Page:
I think Mark Thoma has reaches a smart conclusion here about the need for macroeconomic policy to reflect epistemic humility rather than an effort to prove some particular theoretical view. He says “we should try everything that has a reasonable chance of working. That means quantitative easing, new spending on infrastructure, tax cuts to encourage investment and hiring, make work programs, whatever it takes to get both the economy and people working again.”
But this argument is embedded in a piece that’s primarily an attack on people urging the Federal Reserve to do more. I’m obviously not a macroeconomist, so I can’t really say that I have a particularly strong view about whether monetary or fiscal measures are likely to have a greater impact on aggregate demand. That said, as a licensed, bonded, and certified professional political pundit I do feel very strongly that aggressive monetary measures are more realistic, which is an important part of my calculus.
Why? Read Jon Chait:
Obama’s trickiest dilemma is that the public does not agree with–or, to put it less charitably, understand–the basis for his anti-recession strategy. Whatever your view of deficits, they clearly make more sense during a recession than during an expansion, when deficit spending can help fuel overheated growth. The trouble is, public opinion tends to get loose with the purse strings during boom times and tight during recessions, which is the opposite of what you want. During the 1990s boom, the public favored expanded social spending and tax cuts over paying down the national debt. Today, by overwhelming margins, they favor an immediate balanced budget, even in the face of economic catastrophe.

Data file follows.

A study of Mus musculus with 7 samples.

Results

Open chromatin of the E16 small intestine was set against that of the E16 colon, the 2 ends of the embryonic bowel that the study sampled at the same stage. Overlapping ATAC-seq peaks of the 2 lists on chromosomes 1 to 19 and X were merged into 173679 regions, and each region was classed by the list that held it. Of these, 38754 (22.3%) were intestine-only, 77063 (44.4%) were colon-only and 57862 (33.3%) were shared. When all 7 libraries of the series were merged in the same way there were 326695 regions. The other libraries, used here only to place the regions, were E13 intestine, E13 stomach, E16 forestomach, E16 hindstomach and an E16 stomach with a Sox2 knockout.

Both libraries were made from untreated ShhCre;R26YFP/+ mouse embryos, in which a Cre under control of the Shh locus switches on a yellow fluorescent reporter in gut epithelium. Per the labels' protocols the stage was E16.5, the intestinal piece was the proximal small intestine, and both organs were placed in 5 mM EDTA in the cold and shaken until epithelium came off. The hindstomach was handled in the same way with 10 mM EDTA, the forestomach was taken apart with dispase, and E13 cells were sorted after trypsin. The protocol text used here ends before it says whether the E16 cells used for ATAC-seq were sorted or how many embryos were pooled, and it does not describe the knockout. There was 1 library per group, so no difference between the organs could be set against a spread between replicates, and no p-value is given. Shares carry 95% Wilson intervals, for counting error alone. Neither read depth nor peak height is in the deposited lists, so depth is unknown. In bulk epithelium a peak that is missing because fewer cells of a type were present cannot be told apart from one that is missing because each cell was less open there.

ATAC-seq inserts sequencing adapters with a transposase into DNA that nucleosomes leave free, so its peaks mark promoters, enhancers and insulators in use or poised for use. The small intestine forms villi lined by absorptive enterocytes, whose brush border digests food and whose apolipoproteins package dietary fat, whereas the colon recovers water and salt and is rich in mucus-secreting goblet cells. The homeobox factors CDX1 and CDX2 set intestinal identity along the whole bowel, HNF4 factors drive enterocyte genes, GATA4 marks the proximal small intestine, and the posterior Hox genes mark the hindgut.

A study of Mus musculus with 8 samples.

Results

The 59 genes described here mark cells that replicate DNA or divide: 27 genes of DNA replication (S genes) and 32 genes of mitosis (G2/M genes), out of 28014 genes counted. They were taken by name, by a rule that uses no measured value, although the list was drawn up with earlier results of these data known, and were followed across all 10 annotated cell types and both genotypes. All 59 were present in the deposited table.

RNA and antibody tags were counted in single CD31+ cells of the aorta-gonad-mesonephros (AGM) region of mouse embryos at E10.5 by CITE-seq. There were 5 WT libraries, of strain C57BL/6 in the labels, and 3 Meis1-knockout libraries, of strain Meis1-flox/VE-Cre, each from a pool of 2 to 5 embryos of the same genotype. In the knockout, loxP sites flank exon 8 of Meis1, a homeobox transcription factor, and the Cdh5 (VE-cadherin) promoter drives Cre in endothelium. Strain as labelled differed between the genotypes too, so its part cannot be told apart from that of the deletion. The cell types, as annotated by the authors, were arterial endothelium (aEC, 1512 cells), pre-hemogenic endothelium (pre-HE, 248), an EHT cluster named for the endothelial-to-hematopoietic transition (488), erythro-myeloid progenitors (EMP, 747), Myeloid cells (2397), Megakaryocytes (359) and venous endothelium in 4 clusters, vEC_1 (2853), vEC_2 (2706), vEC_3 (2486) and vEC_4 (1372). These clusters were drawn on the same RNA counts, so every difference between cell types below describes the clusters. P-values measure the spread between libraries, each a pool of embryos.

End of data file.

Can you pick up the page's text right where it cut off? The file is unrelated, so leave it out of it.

That is, of course, insane. But Republicans have taken full advantage of the public’s fiscal insanity. President Bush used to scoff at proposals to pay down the national debt, saying, “The surplus means the government has more money than it needs.” Nowadays, Republicans like John Boehner say things like, “American families are tightening their belts,” and, therefore, Washington should “lead by example and show the American people that the government can go on a diet as well.”
What sounds to the American people like simple common sense is economic malpractice, and vice versa. Thus the Democrats’ predicament: High unemployment is making them unpopular, but the only steps they can take to reduce unemployment are themselves unpopular. If the Democrats actually gave the people what they say they want–$1.4 trillion in spending cuts and/or tax hikes to eliminate the 2010 deficit–Republicans would capture approximately 100 percent of Congress in the next election.
This, however, is precisely one of the reasons we’ve outsources primary responsibility for macroeconomic stability to a quasi-independent technocratic institution that’s primarily influenced by elite opinion rather than mass sentiments. This model is problematic in some ways, but in principle one of its advantages should be an ability to do the right thing at a time when the public may be confused by analogistic reasoning. Unfortunately, the same skew in favor of elite opinion also seems to me to give the Fed a skew in favor of elite interests and joblessness is primarily a problem at the moment for the sort of people who aren’t likely to be invited to any FOMC members’ Christmas parties.